They’re the foods that fuel your ride or welcome you home after suffering in the saddle. They’re your weird, bizarre, locked up in a closet personal favorites. After getting soaked for the last hour of that Sunday hammerfest, you don’t want a sandwich to get the feeling back in your fingers. You need Usinger's Braunschweiger on soft Italian bread with brown mustard, real butter and onions. You don’t want a cookie in your bag after the cyclocross race; you want a molasses cookie from the box on the counter at your grandmother’s house. It’s not the Campbell’s tomato soup, it’s the 15 saltine crackers crumbled over the top and so thick a little person could run across it. Or, is it the crusted three square inch burn the roof of your mouth hot cherry pie in the corner of the Hungry Man TV dinner. These are some foods that reward my ride.
I’m sure it’s what they use for zombie boogers at Haunted Houses, but I love to eat it. It’s green, long, slimy, gushy and wet. If you threw one against the wall it would smack, stick and slide down like a night crawler. Still, since I was a kid when every vegetable was disgusting, it’s one of my all time favorite foods. I’ll only eat the long spears, only from a can and it absolutely must be Green Giant asparagus spears. I do like fresh asparagus, especially grilled with olive oil and salt and pepper. Without preservatives, I’m sure it’s healthier, but that’s hoidy toidy to me. They serve that with $30 steaks at Jeff Ruby. Not to mention you have to cook it. I don’t need a bowl or a fork, only a can opener or my Leatherman multi-tool. I thoroughly enjoy pulling them out of the can with my fingers, tilting my head back and dangling them into my mouth. It’ll probably be my last meal when I’m 120 years old and a need to be fed by a nurse. “Head back Mister Biker. Eat your spears.” Nom nom nom.
My wife calls them “Joe foods” and second on my list and in my lunchbox right now is Windmill cookies. It confounds me how inexpensive yet so intricate they are. I think the box of 12 I bought was under $3. Maybe it’s because I’m a quarter Dutch, but my affinity for the Windmill cookie runs deep. With each one, I marvel at the detail. The almond slivers almost give the illusion of textured stone made from tulip field mud. If you look closely at the photo there are 3 separate designs on the mill: a cross at the top, two (E) shapes left and right and a diamond in the center. You can stick your tongue in the doorway, or let it be the axis of the windmill blades. I’m not entirely sure there’s a specific brand I like or what brand these are, maybe there’s only one. It’s not like chocolate chips with a million varieties. At the grocery you’ll be lucky to spot them. Almost glad they weren’t hanging out with the other lesser cookies; I found these in the health food section at Kroger. As it turns out, these are completely vegan.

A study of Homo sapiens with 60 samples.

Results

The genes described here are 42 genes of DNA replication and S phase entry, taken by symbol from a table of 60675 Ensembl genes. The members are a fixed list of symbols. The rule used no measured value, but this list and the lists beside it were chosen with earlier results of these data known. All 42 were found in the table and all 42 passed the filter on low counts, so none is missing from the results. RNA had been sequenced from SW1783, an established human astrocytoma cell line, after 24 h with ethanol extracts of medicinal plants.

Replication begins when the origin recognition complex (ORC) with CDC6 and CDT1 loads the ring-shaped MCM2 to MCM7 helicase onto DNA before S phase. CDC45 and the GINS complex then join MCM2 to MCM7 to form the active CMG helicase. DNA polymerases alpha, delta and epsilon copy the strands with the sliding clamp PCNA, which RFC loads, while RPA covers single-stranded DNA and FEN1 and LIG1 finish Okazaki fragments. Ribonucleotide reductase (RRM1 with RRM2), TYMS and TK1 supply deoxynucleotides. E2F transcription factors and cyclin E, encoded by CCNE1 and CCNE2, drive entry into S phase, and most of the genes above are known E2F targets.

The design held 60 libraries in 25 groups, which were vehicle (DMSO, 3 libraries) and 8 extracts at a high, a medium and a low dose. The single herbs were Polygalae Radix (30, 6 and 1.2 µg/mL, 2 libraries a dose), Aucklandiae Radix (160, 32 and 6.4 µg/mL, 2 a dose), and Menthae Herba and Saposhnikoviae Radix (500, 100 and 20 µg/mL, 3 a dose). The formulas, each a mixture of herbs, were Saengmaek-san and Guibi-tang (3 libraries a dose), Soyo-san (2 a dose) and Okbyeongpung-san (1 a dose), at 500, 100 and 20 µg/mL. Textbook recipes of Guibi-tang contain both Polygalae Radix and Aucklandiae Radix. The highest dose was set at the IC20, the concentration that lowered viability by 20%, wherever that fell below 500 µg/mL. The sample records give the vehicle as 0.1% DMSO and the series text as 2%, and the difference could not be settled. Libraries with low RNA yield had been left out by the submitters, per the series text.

The all time greatest culinary creation is Candy Raisins. How can you not love a candy with a smiling sun on the package? They are not candied raisins, contain raisins or even taste like raisins. The only thing they have in common with actual raisins is that they are wrinkly on the top. They’re comparable in texture to the candy Dots. They feel the same way in your mouth, but the flavor is unlike any candy you’ve ever tasted. The website Save The Candy Raisins describes them as “a translucent, honey colored candy…with a light ginger taste.” I grew up in Wisconsin, and from what I can gather they were only made by Stark, a division of the NECCO candy company. As you can gather from the website, sadly, after shutting down a plant in Pewaukee Wisconsin, they are not being made anymore. I have not had a candy raisin in at least three years. If I saw them, even on Ebay, I swear to God I would spend at least $10 a bag to attain them. I love them so much; I’d accept a box as my only Christmas present.
Maybe it's crunchy peanut butter and dill pickle sandwiches you crave like our reader Lloyd, tell us your favorite weird foods. Leave a comment below or "Like" us on Facebook here.